Fishman Artist // Jennie ArnauJennie Arnau creates a unique blend of New York-nurtured South Carolina-born Grassroots rock. Her original blend of Americana, Alt-Country and rock along with her bold and bittersweet voice have lead more than one critic to describe her as a cross between Neil Young, Martina McBride and Alanis Morissette. It’s a sly underground sound that’s born of urban grit and rowdy southern sensibilities and it perfectly suits this native South Carolina singer. It’s not a voice that has gone unnoticed either – Chuck Eddy of the Village Voice wrote that Jennie was capable of “a husky uplift and rhythmic wallop rarely heard in the female-folkie field, Singer Magazine praised Jennie’s ability to “pierce your heart one moment, then turn right around and calm your spirit the next” and No Depression described her voice as “strong without sacrificing its femininity.”
After releasing three prior albums on her own and enduring a couple of years of traumatic or watershed events, Jennie needed to take stock of her music and her career. “For a long time I was scared of the music industry and buried myself in other things,” she says, “but my downtown musician friends finally pushed me out of the nest. And here I am.”
Her latest release, Chasing Giants, might be one of the most compelling indie record releases of the year.
From the yearning and hopeful journey of “Bouncing Ball” to the playfulness of “For the Winter,” Jennie smartly embraces both the subtle artistry of alt-country and indie sensibility. She’s not afraid of the ache in her vocals and her lyrics; in fact, Jennie says that it’s that very conflict of her multi-dimensional life, her loves and her losses over the last years that have fueled the “openness” and honesty of the album.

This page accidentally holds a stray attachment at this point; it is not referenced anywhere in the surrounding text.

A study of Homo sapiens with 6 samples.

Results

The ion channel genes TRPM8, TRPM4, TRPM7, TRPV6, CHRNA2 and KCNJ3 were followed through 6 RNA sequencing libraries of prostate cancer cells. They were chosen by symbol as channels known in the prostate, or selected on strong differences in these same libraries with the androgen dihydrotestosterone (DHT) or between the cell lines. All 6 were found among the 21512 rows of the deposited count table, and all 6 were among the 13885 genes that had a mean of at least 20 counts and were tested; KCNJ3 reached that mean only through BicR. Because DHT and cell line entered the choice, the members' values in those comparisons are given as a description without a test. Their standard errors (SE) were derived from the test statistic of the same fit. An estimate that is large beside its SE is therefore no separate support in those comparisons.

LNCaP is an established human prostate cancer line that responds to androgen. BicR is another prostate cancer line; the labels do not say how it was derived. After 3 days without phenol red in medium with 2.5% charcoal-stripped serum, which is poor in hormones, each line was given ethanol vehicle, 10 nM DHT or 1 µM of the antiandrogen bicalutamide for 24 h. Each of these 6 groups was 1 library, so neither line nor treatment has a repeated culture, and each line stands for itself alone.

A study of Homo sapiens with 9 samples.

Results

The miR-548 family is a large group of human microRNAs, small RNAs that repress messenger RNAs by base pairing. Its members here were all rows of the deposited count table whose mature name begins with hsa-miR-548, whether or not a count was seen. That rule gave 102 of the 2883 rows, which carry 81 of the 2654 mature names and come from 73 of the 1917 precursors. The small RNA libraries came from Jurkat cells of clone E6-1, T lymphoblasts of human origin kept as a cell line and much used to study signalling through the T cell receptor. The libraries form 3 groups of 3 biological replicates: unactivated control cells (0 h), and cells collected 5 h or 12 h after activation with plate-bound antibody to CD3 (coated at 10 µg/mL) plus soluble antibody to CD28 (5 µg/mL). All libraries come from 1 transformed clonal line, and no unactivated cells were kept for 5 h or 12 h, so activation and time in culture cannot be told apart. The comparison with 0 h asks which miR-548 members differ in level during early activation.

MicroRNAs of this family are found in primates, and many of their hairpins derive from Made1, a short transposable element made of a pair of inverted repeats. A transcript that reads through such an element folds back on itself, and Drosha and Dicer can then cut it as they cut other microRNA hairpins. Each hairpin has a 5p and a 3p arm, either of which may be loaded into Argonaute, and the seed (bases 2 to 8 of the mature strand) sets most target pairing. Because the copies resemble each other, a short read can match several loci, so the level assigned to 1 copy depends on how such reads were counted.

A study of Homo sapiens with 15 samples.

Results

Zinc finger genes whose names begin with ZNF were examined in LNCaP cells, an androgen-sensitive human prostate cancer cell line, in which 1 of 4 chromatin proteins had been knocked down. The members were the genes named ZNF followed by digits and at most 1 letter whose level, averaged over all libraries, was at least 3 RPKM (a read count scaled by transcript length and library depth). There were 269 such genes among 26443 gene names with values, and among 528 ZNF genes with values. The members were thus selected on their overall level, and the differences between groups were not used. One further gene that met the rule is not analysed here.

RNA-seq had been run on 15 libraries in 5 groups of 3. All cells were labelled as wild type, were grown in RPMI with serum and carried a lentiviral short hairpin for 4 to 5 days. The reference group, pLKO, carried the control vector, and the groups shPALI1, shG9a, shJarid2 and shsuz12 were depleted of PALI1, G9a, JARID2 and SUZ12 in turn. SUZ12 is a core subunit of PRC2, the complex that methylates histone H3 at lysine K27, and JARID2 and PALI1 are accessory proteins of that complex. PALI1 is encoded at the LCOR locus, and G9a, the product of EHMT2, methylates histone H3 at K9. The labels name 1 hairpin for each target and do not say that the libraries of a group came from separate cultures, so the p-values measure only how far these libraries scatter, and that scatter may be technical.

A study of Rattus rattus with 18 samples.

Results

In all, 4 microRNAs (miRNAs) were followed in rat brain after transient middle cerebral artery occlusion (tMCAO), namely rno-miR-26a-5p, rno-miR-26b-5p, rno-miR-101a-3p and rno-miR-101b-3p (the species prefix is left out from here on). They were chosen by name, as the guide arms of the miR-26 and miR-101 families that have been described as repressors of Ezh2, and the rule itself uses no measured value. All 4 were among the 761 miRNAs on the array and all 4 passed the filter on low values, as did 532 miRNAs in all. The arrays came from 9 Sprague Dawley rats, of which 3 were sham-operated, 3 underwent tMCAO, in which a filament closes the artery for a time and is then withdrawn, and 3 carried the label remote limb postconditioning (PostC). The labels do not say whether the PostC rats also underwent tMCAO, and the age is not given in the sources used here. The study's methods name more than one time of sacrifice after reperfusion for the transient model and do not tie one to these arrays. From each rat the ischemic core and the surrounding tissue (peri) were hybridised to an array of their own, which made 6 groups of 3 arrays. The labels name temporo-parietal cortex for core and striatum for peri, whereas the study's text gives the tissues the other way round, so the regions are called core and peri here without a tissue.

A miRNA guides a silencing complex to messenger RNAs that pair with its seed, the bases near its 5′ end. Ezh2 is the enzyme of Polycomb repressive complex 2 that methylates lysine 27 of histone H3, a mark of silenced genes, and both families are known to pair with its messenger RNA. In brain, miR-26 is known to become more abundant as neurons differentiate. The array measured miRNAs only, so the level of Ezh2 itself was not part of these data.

For a woman who grew up in the foothills of Appalachia, but who has thrived in New York's downtown music scene, Jennie has long explored the curious dichotomy of her artistic temperament. But she sees Chasing Giants as the "coming of age" album she has long sought to record.
"I'm really so proud of this album," says Jennie, sole songwriter of Chasing Giants. "I've returned a little bit more to my country roots. I think it's modern but has a more organic feel and although I'm still a singer/songwriter it stretches the blending of various music styles."
Who and what has influenced Jennie as a singer? Given her professed fondness for “interesting voices,” Jennie’s choices are eclectic, ricocheting from Jeff Buckley to Ani DiFranco (“when she’s not growling”) to Aimee Mann and Johnny Cash. “Any voice that makes you melt,” Jennie explains. “A voice that’s distinctive, confessional … that you feel the lyric through the voice.”
And what of her own lyrics? “I like to think of myself as a storyteller,” she muses. “I do like my songs to have a beginning, a middle and an end. And while I do write of sadness in my music, it’s all in perspective. I’m not self-indulgent.”